We''ll find out how much you know about your business and what you have written down and explained. We'll find out about your overall market and its potential; We'll find out about your capabilities to service that market. We'll talk about pricing strategy and marketing tactics. We'll discuss your operational and staffing requirements. And that's just the beginning of the business plan process.
We'll go through numerous iterations and we'll discuss the changes needed. The financial statements, cash flow analyses and balance sheets will make sense. There won't be a lot of charts and graphs that don't really explain much.
Your business plan will be realistic and suitable for you, your investors and your banker. You will get a business plan that works for you. Isn't that why you wanted a business plan in the first place?
Business Plan Structure. A business plan has three elements: description of the business model, the marketing model and financial projections. It consists of informative sections, including the executive summary, business description, marketing model, analysis of industry competition, build-out plan, operations plan, introduction of management, and a discussion of financial issues and projection of results. It is introduced by an executive summary, which can be a dense abstract or a longer marketing tool to attract interest in the business plan. The business plan is an informational document designed to factually display your company's operations and potential.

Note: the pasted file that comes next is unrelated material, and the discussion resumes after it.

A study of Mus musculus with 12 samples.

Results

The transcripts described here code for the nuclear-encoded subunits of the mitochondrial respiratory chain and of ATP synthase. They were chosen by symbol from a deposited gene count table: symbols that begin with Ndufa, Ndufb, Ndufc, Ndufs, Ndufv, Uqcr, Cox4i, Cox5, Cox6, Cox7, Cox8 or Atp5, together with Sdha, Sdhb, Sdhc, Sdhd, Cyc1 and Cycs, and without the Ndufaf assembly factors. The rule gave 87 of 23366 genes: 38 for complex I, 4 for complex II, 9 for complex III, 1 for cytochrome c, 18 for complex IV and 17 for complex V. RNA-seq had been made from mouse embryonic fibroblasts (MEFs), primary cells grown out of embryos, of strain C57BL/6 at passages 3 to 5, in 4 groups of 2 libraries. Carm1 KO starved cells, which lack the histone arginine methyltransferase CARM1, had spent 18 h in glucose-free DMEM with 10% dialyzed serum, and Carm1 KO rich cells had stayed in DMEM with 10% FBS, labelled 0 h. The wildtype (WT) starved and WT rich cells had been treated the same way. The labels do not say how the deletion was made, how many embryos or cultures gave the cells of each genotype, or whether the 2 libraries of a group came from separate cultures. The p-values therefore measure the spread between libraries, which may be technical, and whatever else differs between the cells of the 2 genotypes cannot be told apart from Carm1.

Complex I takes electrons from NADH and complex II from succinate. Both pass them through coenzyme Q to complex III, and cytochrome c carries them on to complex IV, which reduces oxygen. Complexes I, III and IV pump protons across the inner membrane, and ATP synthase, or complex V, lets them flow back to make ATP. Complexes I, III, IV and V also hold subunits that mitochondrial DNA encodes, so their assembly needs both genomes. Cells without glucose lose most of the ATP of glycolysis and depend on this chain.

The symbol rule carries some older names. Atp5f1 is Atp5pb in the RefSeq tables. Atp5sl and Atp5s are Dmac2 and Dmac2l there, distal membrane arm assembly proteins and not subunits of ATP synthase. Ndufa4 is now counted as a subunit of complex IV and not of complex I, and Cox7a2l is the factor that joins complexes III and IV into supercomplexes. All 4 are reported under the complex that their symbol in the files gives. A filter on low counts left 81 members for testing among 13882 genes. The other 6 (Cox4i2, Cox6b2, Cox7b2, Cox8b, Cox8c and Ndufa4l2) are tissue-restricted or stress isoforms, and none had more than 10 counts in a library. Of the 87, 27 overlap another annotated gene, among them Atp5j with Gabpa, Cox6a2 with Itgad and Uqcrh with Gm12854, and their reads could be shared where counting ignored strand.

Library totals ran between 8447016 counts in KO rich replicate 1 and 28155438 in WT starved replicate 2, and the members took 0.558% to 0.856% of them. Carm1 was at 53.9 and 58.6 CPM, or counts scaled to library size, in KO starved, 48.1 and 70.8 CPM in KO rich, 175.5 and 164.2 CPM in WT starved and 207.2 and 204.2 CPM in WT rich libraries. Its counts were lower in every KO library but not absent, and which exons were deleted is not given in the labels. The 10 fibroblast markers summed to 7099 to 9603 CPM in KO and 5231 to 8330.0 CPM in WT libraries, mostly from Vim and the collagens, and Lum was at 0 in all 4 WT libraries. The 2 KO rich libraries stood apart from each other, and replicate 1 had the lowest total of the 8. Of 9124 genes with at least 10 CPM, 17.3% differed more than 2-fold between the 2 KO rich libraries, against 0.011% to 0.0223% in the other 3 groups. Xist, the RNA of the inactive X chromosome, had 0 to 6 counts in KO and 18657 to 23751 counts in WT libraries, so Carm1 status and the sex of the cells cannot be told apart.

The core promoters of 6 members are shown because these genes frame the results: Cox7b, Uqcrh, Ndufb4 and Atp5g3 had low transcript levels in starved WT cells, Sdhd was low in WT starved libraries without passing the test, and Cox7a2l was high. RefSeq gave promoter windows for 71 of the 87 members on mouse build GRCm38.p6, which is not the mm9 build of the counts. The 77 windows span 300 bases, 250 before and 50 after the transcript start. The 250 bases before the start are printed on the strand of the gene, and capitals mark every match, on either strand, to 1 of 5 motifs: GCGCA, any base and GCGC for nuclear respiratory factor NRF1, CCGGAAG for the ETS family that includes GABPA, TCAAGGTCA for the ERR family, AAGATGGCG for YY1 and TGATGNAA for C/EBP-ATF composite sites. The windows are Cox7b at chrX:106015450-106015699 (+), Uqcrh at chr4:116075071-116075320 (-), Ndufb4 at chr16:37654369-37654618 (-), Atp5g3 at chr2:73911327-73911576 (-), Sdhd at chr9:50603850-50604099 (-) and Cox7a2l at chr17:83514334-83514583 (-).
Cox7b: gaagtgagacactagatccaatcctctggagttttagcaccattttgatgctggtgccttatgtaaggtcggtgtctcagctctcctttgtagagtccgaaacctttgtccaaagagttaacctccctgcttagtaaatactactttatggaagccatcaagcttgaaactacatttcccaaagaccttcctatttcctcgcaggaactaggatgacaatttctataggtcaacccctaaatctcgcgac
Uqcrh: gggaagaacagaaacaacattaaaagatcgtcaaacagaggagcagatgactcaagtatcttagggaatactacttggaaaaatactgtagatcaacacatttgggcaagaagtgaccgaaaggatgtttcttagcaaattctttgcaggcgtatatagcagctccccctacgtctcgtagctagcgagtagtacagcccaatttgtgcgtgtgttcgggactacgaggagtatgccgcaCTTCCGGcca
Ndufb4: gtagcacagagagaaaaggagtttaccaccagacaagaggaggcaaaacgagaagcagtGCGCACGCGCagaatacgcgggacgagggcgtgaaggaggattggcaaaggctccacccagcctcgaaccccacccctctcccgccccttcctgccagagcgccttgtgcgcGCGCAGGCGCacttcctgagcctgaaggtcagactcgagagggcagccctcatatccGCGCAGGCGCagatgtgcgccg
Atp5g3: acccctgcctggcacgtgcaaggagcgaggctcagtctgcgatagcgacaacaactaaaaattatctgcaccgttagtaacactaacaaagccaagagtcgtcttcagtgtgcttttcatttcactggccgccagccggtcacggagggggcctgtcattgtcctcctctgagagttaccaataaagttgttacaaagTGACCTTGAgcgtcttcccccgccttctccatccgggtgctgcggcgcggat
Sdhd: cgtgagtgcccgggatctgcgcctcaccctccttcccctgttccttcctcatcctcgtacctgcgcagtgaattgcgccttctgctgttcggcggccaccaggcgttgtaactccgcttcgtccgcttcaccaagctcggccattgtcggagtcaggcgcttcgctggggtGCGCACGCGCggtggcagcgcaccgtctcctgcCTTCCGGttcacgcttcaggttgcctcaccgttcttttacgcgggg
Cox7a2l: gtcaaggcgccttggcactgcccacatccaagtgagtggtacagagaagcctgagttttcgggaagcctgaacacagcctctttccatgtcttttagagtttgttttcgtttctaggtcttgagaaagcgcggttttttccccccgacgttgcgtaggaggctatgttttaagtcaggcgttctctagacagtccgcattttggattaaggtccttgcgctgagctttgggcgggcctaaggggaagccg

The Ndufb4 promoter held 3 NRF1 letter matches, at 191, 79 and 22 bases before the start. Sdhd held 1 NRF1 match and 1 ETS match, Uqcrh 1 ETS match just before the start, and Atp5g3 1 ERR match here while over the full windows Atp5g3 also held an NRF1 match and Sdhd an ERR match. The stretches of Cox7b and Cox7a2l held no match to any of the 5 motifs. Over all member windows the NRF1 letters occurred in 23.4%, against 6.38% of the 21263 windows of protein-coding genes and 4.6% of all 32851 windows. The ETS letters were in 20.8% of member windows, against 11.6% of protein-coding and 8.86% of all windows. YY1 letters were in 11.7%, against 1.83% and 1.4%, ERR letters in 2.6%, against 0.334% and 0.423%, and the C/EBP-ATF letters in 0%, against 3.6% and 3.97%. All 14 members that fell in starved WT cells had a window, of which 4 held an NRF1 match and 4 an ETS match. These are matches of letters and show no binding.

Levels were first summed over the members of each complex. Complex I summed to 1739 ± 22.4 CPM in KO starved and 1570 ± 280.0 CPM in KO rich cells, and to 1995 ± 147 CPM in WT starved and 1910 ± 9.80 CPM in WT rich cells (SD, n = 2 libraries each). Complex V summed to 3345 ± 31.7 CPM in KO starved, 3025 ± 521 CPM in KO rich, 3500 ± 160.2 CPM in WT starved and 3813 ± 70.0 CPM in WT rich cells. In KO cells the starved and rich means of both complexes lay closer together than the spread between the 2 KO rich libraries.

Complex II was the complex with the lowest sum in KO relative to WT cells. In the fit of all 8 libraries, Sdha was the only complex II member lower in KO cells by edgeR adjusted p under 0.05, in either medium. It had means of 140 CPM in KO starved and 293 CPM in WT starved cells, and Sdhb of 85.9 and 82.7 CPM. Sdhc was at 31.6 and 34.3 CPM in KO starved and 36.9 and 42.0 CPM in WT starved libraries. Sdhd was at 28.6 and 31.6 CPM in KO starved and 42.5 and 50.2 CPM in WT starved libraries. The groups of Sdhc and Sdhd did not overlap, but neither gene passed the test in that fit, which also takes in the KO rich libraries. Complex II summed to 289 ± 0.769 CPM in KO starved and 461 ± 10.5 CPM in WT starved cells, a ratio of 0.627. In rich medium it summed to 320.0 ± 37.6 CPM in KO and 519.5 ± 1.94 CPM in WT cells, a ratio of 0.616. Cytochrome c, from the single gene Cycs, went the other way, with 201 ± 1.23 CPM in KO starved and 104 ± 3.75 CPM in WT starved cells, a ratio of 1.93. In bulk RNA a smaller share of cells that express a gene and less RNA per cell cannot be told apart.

Proposals may be unsolicited business ideas presented to a potential customer or partner, or they may be answers to requests for proposal submitted to your company by a potential client. They are limited in scope to a particular project or need. A business proposal also generally has a specific audience. The primary reason for a business proposal is to solicit or develop a business opportunity.
Business Proposal Structure. A business proposal written in response to an RFP should follow the format requested in the RFP. Generally, this involves a quick description of your company's services and products that are relevant to the goals of the RFP, a reiteration of the scope of work, answers to specific questions posed in the RFP and a quote detailing materials, tools, labor, delivery and other elements of the cost of the project.
An unsolicited business proposal intended to create and develop a business opportunity follows essentially the same format but anticipates questions the potential client might have. A proposal is more of a marketing document, designed to convince the audience to do business by presenting a value proposition and a call to action.